Dnevnik analyses per-election developments on the left
Ljubljana – Preparations for the general election are under way on several fronts in Slovenia, the newspaper Dnevnik says on Saturday. While the crème de la crème of the Slovenian centre-right parties are forming an alliance under the wing of the Modern Centre Party (SMC), the question arises what is happening in the left pole.
SMC leader Zdravko Počivalšek will apparently bring together under one roof all those centre-right parties which have in the past been disappointed by the Democrats (SDS) and Janez Janša.
But since none of the names in this lot are new and no fresh ideas are being presented, a question arises what is being offered as an alternative on the other side of the political spectrum.
A major question at this point is whether a new party will emerge much like the SMC or Positive Slovenia (PS) emerged years ago to sweep with the competition.
Will social movements and activism that can be seen on Fridays and Wednesdays in the streets of Ljubljana be transformed into parties, the paper wonders. What form will the referendum energy from mid-July that beat the government take?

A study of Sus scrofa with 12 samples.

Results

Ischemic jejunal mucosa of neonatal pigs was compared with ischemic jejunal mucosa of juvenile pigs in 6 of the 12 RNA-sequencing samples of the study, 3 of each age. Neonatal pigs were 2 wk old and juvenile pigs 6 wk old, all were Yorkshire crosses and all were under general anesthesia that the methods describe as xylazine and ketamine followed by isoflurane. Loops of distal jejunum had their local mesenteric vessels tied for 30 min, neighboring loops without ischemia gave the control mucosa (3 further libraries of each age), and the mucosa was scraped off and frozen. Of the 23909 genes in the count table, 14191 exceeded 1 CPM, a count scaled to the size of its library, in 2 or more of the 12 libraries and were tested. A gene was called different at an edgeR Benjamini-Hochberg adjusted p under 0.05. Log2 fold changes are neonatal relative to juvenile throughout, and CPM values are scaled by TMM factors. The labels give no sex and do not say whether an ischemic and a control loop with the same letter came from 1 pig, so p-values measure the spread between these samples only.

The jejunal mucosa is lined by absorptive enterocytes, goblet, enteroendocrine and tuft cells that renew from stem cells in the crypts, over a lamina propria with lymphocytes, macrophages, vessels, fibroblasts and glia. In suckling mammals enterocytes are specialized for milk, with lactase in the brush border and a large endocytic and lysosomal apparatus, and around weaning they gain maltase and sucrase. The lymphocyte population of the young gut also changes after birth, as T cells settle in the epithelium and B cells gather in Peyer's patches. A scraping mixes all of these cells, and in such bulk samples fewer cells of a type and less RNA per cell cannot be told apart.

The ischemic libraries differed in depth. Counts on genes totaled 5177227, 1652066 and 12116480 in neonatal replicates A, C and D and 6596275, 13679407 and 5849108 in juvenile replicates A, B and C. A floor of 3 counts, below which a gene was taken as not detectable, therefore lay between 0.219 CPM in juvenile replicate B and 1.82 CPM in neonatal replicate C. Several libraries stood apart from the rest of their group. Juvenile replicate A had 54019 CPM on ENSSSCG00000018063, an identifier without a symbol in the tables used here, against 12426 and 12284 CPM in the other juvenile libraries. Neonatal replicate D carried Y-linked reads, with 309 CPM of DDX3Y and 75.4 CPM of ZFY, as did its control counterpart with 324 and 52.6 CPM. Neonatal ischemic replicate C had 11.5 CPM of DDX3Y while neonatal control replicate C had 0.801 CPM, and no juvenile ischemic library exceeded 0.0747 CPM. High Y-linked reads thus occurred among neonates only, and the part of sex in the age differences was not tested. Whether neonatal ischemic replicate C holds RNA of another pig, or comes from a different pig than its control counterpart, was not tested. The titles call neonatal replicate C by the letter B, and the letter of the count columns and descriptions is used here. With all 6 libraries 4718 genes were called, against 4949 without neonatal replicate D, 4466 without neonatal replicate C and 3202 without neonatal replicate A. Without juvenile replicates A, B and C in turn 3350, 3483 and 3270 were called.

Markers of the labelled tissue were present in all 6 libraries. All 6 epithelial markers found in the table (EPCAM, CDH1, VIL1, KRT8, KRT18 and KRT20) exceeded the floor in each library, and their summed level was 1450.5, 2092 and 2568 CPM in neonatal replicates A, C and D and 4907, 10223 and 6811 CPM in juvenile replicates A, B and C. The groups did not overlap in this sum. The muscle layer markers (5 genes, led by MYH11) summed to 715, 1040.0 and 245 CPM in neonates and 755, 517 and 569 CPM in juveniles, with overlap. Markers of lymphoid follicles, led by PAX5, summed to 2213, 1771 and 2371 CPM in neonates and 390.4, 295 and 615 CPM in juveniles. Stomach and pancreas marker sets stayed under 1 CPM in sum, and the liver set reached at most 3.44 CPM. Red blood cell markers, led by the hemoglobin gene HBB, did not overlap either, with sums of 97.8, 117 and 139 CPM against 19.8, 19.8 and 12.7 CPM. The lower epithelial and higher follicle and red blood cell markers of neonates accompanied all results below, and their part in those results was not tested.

This is the context in which the agreement of the four centre-left opposition parties, the LMŠ, SD, Left and SAB, was made. The mere signing of the agreement could prove that the parties, which have managed to bring down one government, have come to their senses.
There has been virtually no information on the contents of the agreement, so it can be assumed that they are still in the phase of testing their mutual trust.
The agreement on post-election cooperation can also be seen as a pre-election pact on non-attacking in the race against the SDS and Janša, and primarily as a key commitment that there will be no joining of his camp after the election.
Making pre- and post-election coalition of the centre-left parties in the current heated situation in the Slovenian society is in a way the ultimate attempt at putting political processes under control.
The LMŠ, SD, Left and SAB have perhaps realised that in the tense and unpredictable social atmosphere, they must present themselves as the “only serious alternative to the harmful Janša government”.
If they fail, a new force, which has been staging rallies on Wednesdays, can emerge, and this is something neither the SDS nor the opposition wants, so election as soon as possible is in everyone’s best interest, concludes the commentary entitled Pre-election Crème de la Crème.